The current exhibition at Davis Dominguez Gallery overlaps two time periods: It began in the old year, and will end in the new.
Likewise, the two artists in the show are at a cusp, giving up former habits and moving into new terrain. But the two painters, Joanne Kerrihard and Tim Murphy, are going in opposite directions. Kerrihard has abandoned narrative painting and eased into pure abstraction. Murphy has done some narrative work before, but this time around, he's left abstraction almost entirely behind and peopled his works with human figures.
One of the best colorists in town, Murphy has been moving toward figurative work for some time. He's long used giant cubes or other plain shapes as an excuse to make gorgeous layerings of paint. Occasionally, a simple human figure has slipped into the work, but this time around, his figures take center stage.
His large "Moving Day," maybe 6 feet across and 7 feet high, is the single most beautiful painting in the whole show. Painted in thin oil washes, its pigments are light and liquid, tumbling down the canvas. An alluring shade of blue pools around two giant human figures painted a fleshy peach.
The men are plain and simple, like a pair of Matisse cutouts, but Murphy's minimalist outlines—in red and olive—nevertheless convey the power in their massive arms and legs. The figures are not exactly realistic: Their trunks are too short for their long legs, for one thing. But the distortion is deliberate, made to conjure up the strength and muscularity. Murphy has clearly put in a lot of hours doing life drawing to be able to make such unrealistic bodies more than real. These guys are all brawn.
Each man raises up his arms overhead to carry a heavy box; the rest of the moving boxes fall down through the air. These flying cubes are refugees from earlier Murphy abstractions, mere geometric excuses for quick dashes of color—dark blue, orange, mint green. With just a couple of strokes of his brush, Murphy conveys the three-dimensionality of the cartons.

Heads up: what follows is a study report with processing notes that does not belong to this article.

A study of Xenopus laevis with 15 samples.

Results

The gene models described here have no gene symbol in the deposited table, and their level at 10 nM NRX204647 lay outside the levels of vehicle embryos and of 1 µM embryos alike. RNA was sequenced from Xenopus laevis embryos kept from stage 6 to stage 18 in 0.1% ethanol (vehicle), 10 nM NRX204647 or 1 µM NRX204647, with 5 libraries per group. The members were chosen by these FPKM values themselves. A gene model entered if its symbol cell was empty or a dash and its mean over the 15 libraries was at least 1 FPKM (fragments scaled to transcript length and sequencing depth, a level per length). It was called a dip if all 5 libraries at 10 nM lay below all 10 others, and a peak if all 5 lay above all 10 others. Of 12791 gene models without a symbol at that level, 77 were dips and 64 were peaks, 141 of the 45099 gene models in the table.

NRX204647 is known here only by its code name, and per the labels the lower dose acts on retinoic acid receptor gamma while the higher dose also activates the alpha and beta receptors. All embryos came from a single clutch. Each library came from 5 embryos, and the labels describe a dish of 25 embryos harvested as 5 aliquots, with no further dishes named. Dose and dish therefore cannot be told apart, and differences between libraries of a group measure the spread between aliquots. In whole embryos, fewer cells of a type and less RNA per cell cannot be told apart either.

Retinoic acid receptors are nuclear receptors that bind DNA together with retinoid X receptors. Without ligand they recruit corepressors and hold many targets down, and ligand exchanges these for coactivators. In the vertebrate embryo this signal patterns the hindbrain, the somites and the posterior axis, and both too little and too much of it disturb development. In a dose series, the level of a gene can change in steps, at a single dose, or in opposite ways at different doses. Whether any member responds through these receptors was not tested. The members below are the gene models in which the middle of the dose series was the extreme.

In fact, most of the Murphy paintings have a monumental, even sculptural quality. In contrast to Kerrihard's slippery, fleeting shapes, many of Murphy's are solid, even still. "Whistle Head" is a strange still life of a whistle positioned to look like a human head; it sits atop a sort-of body, with an arching chest and big cylindrical fists. It could be an artist's model posing.
"Blow the Whistle" is even more 3-D. It's a figure-as-Cubist sculpture, with the body rendered in acute angles and flat surfaces. Painted with deep coral shadows, this piece of Murphy geometry is softened by soft mottling.
Kerrihard has been best known until now as a painter of elusive narratives, dreamy canvases in which circus poles drifted among cypress trees, and tiny boats were almost lost in cascades of blue sea. These works suggested stories, but they were always painterly, with passages of pure color and bravura brushwork.
Her new suite of oils is as delicate and as lyrical as ever, but this time, the "story" is mostly about the pigments that are curling and spiraling across the canvas, or flowing out in shimmering layers. The paintings, seven large and three small, are loosely painted and lovely, tending toward pastel shades of pink, yellow and grass greens. Thin fields of paint overlap, and thick lines skitter over the surface.
As those colors suggest, though, these abstract works still have a connection to the real-life landscape. Evidently, Kerrihard is a horsewoman, and the paintings capture up the blur of shades and shapes as she moves through the landscape.
"On Horseback, Moths and Butterflies" is a light-filled bower. A sunshine-yellow sphere circles over the top of the canvas, and a plant-like shape in pale earth green extends its "petals" outward. Small spirals in Kelly green and ultramarine look ready to spring open. Before long, operating under the suggestion offered by the title, a viewer starts to see any number of winged creatures flitting through the air.
In "On Horseback, Rain," there's more surface work, with scribbles evoking the trajectory of the falling rain.
Next door to Davis Dominguez, at Contreras Gallery, Vytas Sakalas is finishing up a show of a very different kind of abstraction. In contrast to Kerrihard's free-wheeling paintings, Sakalas' acrylics on canvas and wood are meticulously plotted and composed.
"Nodal Traces 4," for instance, is an elaborate construction that looks almost like a machine, with intricate small shapes covering the entire surface, outlined and drawn in black. One could get lost in its infinite spaces. (The exhibition is titled Doorway to Infinity.) Like a Pollock painting, "Nodal Traces 4" suggests another dimension on the far side of the paint.
"Nodal Traces 6" is slightly more free-flowing. Its floating circles, curving lines and gem-like colors could be a stained-glass window for the modern age.